Apple quietly launched digital narration technology today that uses artificial intelligence to generate human-sounding narration for books. While it sounds like a dangerously bad idea at first — how will AI know what to emphasize, where to get excited, and where to slow down — the small samples Apple has shared sound surprisingly human.

The initial target: long-tail books that will never be worth paying a human narrator for.

“More and more book lovers are listening to audiobooks, yet only a fraction of books are converted to audio — leaving millions of titles unheard,” Apple says. “Many authors — especially independent authors and those associated with small publishers — aren’t able to create audiobooks due to the cost and complexity of production.”

Apple is releasing four voices to start, two female and two male. Voices are optimized for specific genres of books, so Jackson is intended for fiction or romance with a deep, somewhat husky voice, while Helen is a soprano designed for nonfiction and self-development.

“Mitchell” and “Madison” round out Apple’s initial four voices.

It’s yet another example of generative AI, which is exploding today thanks to OpenAI’s ChatGPT and many other startups and projects, including Dall-E, Midjourney, and others. ChatGPT is already banned in New York schools over cheating concerns, but the industry as a whole is expected to grow from almost nothing to over $110 billion in revenue by 2030.

At issue, of course, is human jobs in art and design, copyright on training images and paintings, and now, with AI narrators, human jobs in audiobook creation.

But there are some jobs that AI creates, as well.

“Apple Books digital narration brings together advanced speech synthesis technology with important work by teams of linguists, quality control specialists, and audio engineers to produce high-quality audiobooks from an ebook file,” Apple says. “Apple has long been on the forefront of innovative speech technology, and has now adapted it for long-form reading, working alongside publishers, authors, and narrators.”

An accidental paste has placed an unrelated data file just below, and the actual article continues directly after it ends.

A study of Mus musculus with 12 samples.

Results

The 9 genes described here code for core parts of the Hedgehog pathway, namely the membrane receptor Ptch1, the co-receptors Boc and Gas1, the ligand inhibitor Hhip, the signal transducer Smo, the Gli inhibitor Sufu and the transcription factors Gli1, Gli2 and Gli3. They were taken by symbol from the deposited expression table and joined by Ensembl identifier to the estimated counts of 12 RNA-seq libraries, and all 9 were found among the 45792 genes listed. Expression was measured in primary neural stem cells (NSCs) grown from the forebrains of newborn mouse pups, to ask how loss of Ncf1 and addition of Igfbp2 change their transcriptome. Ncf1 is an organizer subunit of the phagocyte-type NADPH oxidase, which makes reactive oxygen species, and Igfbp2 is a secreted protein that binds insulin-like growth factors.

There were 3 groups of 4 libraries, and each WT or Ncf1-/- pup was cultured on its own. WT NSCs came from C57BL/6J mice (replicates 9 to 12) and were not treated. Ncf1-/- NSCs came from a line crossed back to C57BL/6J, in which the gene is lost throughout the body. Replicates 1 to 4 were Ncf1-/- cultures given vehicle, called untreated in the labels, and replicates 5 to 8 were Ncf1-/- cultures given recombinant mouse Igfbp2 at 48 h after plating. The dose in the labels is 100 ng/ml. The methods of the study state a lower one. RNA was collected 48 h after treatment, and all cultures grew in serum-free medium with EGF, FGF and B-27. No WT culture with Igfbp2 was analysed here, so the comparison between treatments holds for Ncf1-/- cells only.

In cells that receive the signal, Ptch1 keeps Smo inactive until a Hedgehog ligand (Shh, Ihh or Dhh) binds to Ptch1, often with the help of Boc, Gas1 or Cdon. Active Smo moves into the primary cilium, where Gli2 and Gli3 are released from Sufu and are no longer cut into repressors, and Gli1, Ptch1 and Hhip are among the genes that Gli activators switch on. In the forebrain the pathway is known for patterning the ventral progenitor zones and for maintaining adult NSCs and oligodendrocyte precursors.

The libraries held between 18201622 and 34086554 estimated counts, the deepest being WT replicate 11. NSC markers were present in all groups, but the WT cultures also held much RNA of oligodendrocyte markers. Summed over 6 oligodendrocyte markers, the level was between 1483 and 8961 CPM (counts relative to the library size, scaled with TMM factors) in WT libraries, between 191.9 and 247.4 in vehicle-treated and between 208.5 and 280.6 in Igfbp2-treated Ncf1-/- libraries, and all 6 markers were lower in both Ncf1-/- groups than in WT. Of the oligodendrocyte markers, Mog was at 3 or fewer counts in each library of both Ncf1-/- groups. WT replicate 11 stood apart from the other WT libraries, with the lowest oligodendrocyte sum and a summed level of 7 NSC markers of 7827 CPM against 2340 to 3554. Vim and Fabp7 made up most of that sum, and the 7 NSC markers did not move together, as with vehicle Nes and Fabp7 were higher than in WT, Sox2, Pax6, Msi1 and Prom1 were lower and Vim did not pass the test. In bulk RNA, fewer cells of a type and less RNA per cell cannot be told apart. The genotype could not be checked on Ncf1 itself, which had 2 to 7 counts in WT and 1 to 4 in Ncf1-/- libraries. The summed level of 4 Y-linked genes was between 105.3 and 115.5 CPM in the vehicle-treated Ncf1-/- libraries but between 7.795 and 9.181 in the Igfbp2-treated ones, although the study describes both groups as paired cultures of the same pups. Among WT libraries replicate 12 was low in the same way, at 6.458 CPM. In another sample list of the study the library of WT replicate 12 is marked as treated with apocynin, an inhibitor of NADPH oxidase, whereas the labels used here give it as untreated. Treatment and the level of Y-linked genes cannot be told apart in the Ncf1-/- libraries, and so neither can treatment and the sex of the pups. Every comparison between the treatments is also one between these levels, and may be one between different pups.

All of the four initial Apple voices are somewhat default non-accented American-sounding voices, with slightly differentiated intonation that suggest small variations in ethnic background. While Apple hasn’t said anything about future voices, it’s likely the company will expand the program if it finds success to include other national accents such as English or Australian, and perhaps regional or ethnic voices such as American south or ebonics, or even traditional Boston or New York accents.

Of course, English is just the beginning: Spanish, French, German, and other languages await similar capability.

Apple won’t just be applying the AI voices to every title in its library. There’s actually a long process to engage in, starting with signing up with a preferred partner who will manage the process, picking your title, selecting a voice, choosing cover art, and then waiting one to two months to process the book and conduct quality checks.

Publishing is not guaranteed, Apple says: the narrated book must meet Apple’s quality and content standards.

According to The Guardian’s reporting on this, Apple will cover costs, however.

Just a few months ago Spotify, which has a significant business in audiobooks and podcasts in addition to its core music offerings, complained that Apple was engaging in ‘anticompetitive behavior’ regarding audiobook purchases on the Spotify app on iPhones. Spotify will be watching these developments closely, as will the Amazon-owned titan of the audiobook market, Audible.

Early returns sound good, but it’s important to remember that Apple is only sharing small snippets. It’ll be important to see how entire books turn out.